Jack Burch and Randy Bryant Obtain Summary Judgment for Workers’ Compensation Insurer in Premium Dispute Against Insured Asserting Fraud, Conversion, Negligence, and Breach of Contract Claims.

By December 20, 2016 News/Events/Seminars

Our client issued workers’ compensation policies over several years to a professional employer organization (“PEO I”).  PEO I was the principal named insured under the policies, which also provided workers’ compensation insurance to hundreds of client companies in Florida and Georgia.  PEO I failed to pay the premiums due, and the insurer sued PEO I in Florida. 

While that was pending, a sister company/alter ego of PEO I (“PEO II”) sued the insurer in Federal District Court in South Georgia, asserting claims for negligence, breach of contract, fraud, conversion, and racketeering. PEO II claimed that it had paid premiums and that the insurer had overbilled premiums and asked for damages in excess of $1,000,000.00. The insurer asserted counterclaims. 

The insurer obtained a judgment in Florida against PEO I. BKBM attorneys Jack Burch and Randy Bryant and Florida counsel Mary Morris filed a motion for summary judgment in the Georgia case, arguing that the doctrines of res judicata and collateral estoppel precluded PEO II from continuing to litigate and that the insurer was entitled to summary judgment on both PEO II’s claims and the insurer’s counterclaims. Mr. Burch and Mr. Bryant showed that the claims and issues in the Georgia lawsuit were essentially connected to those resolved by the Florida court and that PEO II was identical to PEO I or, at a minimum, in privity with PEO I, as the same individual owned, operated, and controlled both companies and participated in both lawsuits.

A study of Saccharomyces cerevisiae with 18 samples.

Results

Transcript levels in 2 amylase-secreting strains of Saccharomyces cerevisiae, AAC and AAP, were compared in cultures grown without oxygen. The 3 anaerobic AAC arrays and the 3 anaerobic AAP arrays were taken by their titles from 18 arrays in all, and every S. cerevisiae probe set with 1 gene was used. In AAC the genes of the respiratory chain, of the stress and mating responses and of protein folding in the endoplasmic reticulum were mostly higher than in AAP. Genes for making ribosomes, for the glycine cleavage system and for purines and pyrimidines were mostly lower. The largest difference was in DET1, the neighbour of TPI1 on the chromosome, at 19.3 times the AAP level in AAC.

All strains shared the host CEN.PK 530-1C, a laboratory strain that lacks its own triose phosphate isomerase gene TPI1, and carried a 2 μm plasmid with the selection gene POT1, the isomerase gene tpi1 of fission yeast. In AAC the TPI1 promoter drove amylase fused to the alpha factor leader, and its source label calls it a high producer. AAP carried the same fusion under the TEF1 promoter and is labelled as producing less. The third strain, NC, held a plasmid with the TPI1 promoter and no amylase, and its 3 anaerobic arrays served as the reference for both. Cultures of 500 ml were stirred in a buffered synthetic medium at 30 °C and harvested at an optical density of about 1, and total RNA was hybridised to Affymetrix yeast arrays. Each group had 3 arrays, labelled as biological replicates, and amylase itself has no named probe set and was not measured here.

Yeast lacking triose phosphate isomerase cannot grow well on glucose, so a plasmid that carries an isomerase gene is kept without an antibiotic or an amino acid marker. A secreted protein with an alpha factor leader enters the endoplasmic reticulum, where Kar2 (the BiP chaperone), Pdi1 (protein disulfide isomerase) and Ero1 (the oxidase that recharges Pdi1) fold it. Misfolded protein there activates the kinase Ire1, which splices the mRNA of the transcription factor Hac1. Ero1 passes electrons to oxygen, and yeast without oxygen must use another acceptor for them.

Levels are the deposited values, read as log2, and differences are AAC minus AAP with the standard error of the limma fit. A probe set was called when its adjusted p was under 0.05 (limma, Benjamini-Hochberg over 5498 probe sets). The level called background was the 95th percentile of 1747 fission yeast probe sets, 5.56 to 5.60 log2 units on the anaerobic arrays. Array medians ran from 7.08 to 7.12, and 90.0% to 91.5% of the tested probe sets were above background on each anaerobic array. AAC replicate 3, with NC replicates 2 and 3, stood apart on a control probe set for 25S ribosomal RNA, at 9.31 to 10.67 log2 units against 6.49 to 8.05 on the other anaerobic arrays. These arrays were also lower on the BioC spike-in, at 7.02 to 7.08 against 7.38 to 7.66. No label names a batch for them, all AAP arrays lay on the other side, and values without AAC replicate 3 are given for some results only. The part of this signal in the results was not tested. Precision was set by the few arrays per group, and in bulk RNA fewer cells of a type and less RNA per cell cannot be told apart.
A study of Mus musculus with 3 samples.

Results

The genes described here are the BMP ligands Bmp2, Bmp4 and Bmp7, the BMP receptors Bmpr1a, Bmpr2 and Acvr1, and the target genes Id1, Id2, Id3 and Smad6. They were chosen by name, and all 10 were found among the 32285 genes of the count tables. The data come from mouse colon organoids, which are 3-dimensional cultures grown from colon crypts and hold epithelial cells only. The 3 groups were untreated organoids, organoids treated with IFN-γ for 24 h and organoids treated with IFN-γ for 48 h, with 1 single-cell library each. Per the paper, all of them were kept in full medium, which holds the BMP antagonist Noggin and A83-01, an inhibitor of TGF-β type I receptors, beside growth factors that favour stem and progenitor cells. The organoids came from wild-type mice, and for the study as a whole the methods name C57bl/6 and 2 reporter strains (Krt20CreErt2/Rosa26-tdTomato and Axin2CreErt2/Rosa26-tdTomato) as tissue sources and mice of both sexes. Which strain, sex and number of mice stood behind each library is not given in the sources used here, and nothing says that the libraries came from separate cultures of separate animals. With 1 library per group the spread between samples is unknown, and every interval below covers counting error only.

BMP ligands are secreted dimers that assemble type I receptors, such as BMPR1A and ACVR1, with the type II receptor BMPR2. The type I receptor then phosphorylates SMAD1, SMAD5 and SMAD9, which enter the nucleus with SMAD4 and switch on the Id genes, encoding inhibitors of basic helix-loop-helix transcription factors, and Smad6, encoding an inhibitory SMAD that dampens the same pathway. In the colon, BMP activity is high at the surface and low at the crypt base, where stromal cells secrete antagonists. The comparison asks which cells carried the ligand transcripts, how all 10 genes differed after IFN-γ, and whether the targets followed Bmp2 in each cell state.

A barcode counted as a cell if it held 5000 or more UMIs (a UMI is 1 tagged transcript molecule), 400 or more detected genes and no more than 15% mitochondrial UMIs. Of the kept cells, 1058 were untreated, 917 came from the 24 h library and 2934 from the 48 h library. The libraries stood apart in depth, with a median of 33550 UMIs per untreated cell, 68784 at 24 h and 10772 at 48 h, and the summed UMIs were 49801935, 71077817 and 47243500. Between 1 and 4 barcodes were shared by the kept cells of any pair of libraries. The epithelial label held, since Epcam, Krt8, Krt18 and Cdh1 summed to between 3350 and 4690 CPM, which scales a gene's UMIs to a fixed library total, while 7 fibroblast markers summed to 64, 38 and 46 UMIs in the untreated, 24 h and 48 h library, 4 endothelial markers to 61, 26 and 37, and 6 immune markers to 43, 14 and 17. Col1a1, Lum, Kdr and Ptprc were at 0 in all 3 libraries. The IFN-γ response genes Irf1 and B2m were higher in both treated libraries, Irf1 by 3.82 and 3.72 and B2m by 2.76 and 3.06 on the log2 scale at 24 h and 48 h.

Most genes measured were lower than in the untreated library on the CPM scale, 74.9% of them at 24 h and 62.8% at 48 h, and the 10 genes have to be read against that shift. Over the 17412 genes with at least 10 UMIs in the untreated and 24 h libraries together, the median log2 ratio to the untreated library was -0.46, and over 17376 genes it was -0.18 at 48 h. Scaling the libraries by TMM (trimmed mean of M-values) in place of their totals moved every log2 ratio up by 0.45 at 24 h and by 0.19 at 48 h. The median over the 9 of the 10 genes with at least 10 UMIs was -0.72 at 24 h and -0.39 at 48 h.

District Court Judge Wood agreed and granted summary judgment to the insurer, holding that PEO I and II were the same party, the lawsuits featured the same causes of action, and the Florida suit resulted in a judgment on the merits. Answering Shakespeare’s famous question voiced by Juliet—“What’s in a name?”—the  Court answered, “As this [PEO]-saturated story shows, ‘several years and multiple lawsuits.” But despite PEO II’s best efforts to avoid being bound by the Florida judgment entered against its alter ego, the Court concluded that PEO I could call itself PEO II all it liked, but that did not diminish the preclusive effect of the Florida judgment against it.